Do messages encouraging high-impact climate behaviors affect support for climate policy?


Reduce the amount of meat in your diet. Switch to a green energy provider. Install solar panels. Reduce food waste at home. Make an electric vehicle (EV) your next car purchase. Reduce the amount you fly by at least one flight a year. Purchase carbon offsets.
March 8, 2023

These are seven high-impact individual climate mitigation behaviors individuals can adopt to reduce their carbon footprint. But does encouraging these behaviors undermine individual support for climate change policy?

In a journal article published in Oxford Open Climate Change, Rare co-authors Abdurakhim Rakhimov and Erik Thulin demonstrate how messages encouraging individuals to adopt climate mitigation behaviors does not change their stated support for climate solutions at the policy level. In fact, individual behaviors can – and must – serve to support each other.

What sparked our curiosity?

Previous studies examining the relationship between individual behavior change and policy support for climate initiatives have yielded mixed results. But in the context of the climate crisis, policymakers and program designers must be aware of all strategies in their toolkits. This awareness includes understanding whether programs that rely on messaging to promote high-impact individual behavior change (such as flying less, buying an electric vehicle, eating less meat, and reducing food waste) risk undermining policy support.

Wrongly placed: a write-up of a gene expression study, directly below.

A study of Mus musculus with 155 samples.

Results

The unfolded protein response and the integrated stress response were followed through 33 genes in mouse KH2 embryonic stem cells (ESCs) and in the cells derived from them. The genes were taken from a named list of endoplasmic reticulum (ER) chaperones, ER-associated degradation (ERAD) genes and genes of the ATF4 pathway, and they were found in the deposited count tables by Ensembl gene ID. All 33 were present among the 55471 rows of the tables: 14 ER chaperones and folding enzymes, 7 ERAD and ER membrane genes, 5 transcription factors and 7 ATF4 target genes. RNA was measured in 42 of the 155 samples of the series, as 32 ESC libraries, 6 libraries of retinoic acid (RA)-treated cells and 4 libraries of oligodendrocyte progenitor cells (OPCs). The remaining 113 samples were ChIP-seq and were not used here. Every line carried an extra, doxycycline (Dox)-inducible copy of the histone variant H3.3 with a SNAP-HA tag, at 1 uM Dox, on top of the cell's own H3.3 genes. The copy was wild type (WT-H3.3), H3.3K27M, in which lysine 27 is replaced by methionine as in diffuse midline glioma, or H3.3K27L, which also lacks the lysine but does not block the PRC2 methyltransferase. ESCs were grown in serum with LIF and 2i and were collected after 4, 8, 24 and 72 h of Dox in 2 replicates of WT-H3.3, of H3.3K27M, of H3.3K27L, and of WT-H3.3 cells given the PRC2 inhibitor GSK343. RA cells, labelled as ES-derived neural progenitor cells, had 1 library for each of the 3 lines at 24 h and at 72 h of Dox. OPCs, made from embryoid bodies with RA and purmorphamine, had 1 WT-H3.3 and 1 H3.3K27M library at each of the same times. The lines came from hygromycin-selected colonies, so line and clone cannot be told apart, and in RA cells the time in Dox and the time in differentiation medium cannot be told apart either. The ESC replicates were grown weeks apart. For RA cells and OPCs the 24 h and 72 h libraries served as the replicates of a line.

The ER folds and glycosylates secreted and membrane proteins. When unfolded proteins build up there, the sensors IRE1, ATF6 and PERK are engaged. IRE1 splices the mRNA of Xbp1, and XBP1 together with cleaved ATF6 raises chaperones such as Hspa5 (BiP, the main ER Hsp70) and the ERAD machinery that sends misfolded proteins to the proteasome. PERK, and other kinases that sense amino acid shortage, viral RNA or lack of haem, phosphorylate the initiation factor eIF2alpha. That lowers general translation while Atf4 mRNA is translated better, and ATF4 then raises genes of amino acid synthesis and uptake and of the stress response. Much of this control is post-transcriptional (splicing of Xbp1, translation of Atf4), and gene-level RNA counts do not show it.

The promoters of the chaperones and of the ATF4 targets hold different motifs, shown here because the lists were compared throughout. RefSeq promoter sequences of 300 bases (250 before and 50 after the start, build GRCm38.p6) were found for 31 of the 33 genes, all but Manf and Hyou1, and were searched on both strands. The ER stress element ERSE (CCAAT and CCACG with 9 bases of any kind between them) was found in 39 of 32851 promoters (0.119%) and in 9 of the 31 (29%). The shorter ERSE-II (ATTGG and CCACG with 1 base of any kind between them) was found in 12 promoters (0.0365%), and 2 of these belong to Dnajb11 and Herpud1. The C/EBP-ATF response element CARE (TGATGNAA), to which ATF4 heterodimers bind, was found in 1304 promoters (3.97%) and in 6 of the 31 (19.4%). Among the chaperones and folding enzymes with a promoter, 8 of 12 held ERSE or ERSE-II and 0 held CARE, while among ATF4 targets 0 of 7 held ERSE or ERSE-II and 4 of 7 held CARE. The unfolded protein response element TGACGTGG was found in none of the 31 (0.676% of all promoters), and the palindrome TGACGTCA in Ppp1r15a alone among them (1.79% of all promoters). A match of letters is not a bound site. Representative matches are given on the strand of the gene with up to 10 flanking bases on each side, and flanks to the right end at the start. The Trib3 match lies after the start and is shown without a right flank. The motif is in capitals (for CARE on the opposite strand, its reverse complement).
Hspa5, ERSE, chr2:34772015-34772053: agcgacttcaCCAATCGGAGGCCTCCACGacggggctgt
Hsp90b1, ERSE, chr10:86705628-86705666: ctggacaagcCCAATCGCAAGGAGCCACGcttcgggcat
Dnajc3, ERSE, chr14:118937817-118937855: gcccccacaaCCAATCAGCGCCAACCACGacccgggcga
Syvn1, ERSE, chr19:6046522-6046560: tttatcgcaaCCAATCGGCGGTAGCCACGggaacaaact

Study details:

Rare randomly assigned study participants to one of two groups: the individual behavior messaging condition or a neutral control. In the experimental condition, the researchers presented participants with a message describing seven high-impact individual climate-mitigating behaviors. To highlight these behaviors’ impact, Rare told participants that if 10% of Americans adopted each behavior, the U.S. would be back on track to meet its global commitments to reduce carbon emissions. Participants in the control condition were not shown the message about the seven behaviors. Finally, all participants stated their support for a carbon tax.

Research findings:

The study revealed that the messages—which recommended that individuals adopt high-impact climate behaviors and highlight their significant impact—do not affect stated support for a carbon tax. In fact, behavior shifts offer high mitigation potential and can create demand for policy and regulatory shifts. 

Based on the results, policymakers and program designers addressing climate change should view behavioral solutions and messages as complementary allies in driving large-scale climate policy shifts.  

What’s next?

Oxford Open - Climate Change cover image.

In an exploratory analysis, the researchers found that messaging on individual action results in a higher intention to adopt several climate behaviors.

Additionally, while this study focused on one green policy area (support for a carbon tax), follow-up studies may measure the effect of messaging on support for behavior-specific policies, such as federal tax credits for EVs.


Explore Rare’s research to learn how we use behavior-centered design to solve our most significant environmental challenges.